The Transformation Observation– The Torso Two Years After

It’s been several months plus two years since Toby’s birth. I’ve been working since then to shape my body into something I’m confident with. I’ve had several doctors tell me that the belly itself, after pregnancy, will contract on its own, and there’s nothing I an do to influence it. The uterus and everything internal contracted within weeks, and then I was left with fat and lots of floppy skin in the belly area.

I am not tiny anymore. Overall, I don’t fit into sizes 0 and 1, nor do I want to. I fit into medium sizes now, and I’ve accepted this as fact; I’ve also accepted that I’ve grown an inch or two in height since my pregnancy, my hair has darkened, my cheeks are more full, and my face has more depth to it. All these are just changes that happen to the body as it gives something to another human being.

But for the first time since my teenage years, I fight insecurities about my body. I’d like to write candidly about it, but I know some of my words have already made some of you cringe.

Welcome to my Sensitive Subjects Series. Here, I’ll be recalling the trip my torso has taken. I’ve seen skin textures and colors that don’t appear in magazines and have been both irritating and fascinating. Please read a different post if you don’t want to read about the textures of the skin under my clothes.

When I first began this observation stage, I saw stretch marks like waves that traveled outward from the birth point, outward in opposite directions around my hips and along my thighs. Waves along my breasts, outward from my nipples: the effects of nursing. Waves flowing in the same direction, like the ripples from some permanent impact. I find them fascinating; my body truly never will be the same.

Of course, now I have hips, as I had hoped I would after birth. There aren’t little caves there, but satisfying curves outward. I also have a butt that looks good in pants and that doesn’t disappear in folds of cloth anymore. I have more inward curves along my waist because they’re filled out with just the right amount of fat. My wrists aren’t awkward anymore; I have no desire to hide my wristbones with bracelets and really long sleeves. The angles have been filled in, and I appreciate the effect.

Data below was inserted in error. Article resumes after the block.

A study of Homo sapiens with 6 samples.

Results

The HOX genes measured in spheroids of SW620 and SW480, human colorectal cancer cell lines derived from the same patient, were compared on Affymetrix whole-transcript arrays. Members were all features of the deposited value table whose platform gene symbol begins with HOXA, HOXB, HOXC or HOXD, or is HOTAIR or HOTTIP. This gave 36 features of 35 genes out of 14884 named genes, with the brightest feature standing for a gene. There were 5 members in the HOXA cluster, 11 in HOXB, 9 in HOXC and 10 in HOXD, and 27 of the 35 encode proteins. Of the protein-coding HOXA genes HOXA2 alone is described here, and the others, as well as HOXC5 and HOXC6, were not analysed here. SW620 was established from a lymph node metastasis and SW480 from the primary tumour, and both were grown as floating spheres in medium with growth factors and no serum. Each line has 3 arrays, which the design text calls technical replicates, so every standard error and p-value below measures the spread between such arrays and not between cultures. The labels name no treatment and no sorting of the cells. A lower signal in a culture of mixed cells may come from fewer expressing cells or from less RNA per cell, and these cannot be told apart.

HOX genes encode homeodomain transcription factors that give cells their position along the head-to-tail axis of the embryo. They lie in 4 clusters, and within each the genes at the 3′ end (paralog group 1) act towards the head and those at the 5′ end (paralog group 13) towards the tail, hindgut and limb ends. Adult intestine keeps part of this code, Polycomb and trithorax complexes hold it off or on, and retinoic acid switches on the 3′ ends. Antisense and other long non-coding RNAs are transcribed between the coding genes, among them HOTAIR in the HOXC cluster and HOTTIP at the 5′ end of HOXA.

I also have thighs that stick together slightly on the insides. and I’ve lost quite a bit of muscle tone in my calves. My hips cramp easily now when put into positions that are the tiniest bit strenuous. These, I think, could be fixed by some specific sort of exercise, but they’re part of the change in my body. It’s a new experiment to see what happens to these new curves if I do a certain set of exercises. I’m a little relieved of this–it means I no longer have some sort of super-body that everyone I meet is envious of because it’s so slender.

One hard thing to do was to transition from the lounging and languor of healing from a birth to recalling a more active life. The activity of walking around the block and running around the house and jump-sliding out of a supine position on the couch and skipping instead of walking. It’s funny how that activity of exercise effects the productivity levels of the mind as well.

It was also hard to wait. Two years ago, my belly area had the texture of cottage cheese. It was also shrunken inward, with the most shrunken part being my belly button, which had turned black. It was a earth after a meteor impact. That shluuuuurping process wasn’t something I could control, and that frustrated me a lot. My belly didn’t seem to shrink in response to exercise of any sort or in extremely healthy eating or a combination of the two.

For awhile, I lost the cottage cheese texture but then had a muffin top to deal with. That’s where I slipped into a sense of outward apathy. I bought new clothes with larger waistlines and just waited it out. I’m not proud of this stance I took, but I didn’t want to worry about it anymore. And it worked; that earth healed.

I don’t have a muffin top anymore, and I can see my bellybutton without curling back the layer of skin that buried my little black scab. I do wish the doctors and nurses I talked to had mentioned that the shrinking process would be painful. When my body decided it wanted to shrink the belly area, I got a sudden stinging, burning, intense pain in that area. Eventually, I looked forward to that burning feeling because it meant that I was closer to a self-image I liked better.

My belly is still not done shhhhluurrping, and I don’t think it ever will be completely smooth again; it looks much better in clothes now. My body now reflects my emotions and my general mental state, whereas before, I could be depressed and troubled, stressed and worried, but my body looked flawless, sans hips. I’ve joined the ranks of women whose bodies are in a constant state of flux and flow.

These are my childbearing years, and my body will expand and contract. I just hope I can be more patient with it; being a woman instead of a girl seems to demand a larger state of patience to go along with all of these curves.

Photo by Don Chamblee for National Geographic


Along with artistic tendencies, Kate enjoys unusual people and is constantly striving for some sort of nonconformity. Kate offers a perspective that is thoughtful but well-written and full of images within the words. Other tidbits that might intrigue: she has very long auburn hair, and, you guessed it, her favorite color is orange.

Posted on March 6, 2012, in From Moss-Lined Oregon and tagged , , . Bookmark the permalink. Leave a comment.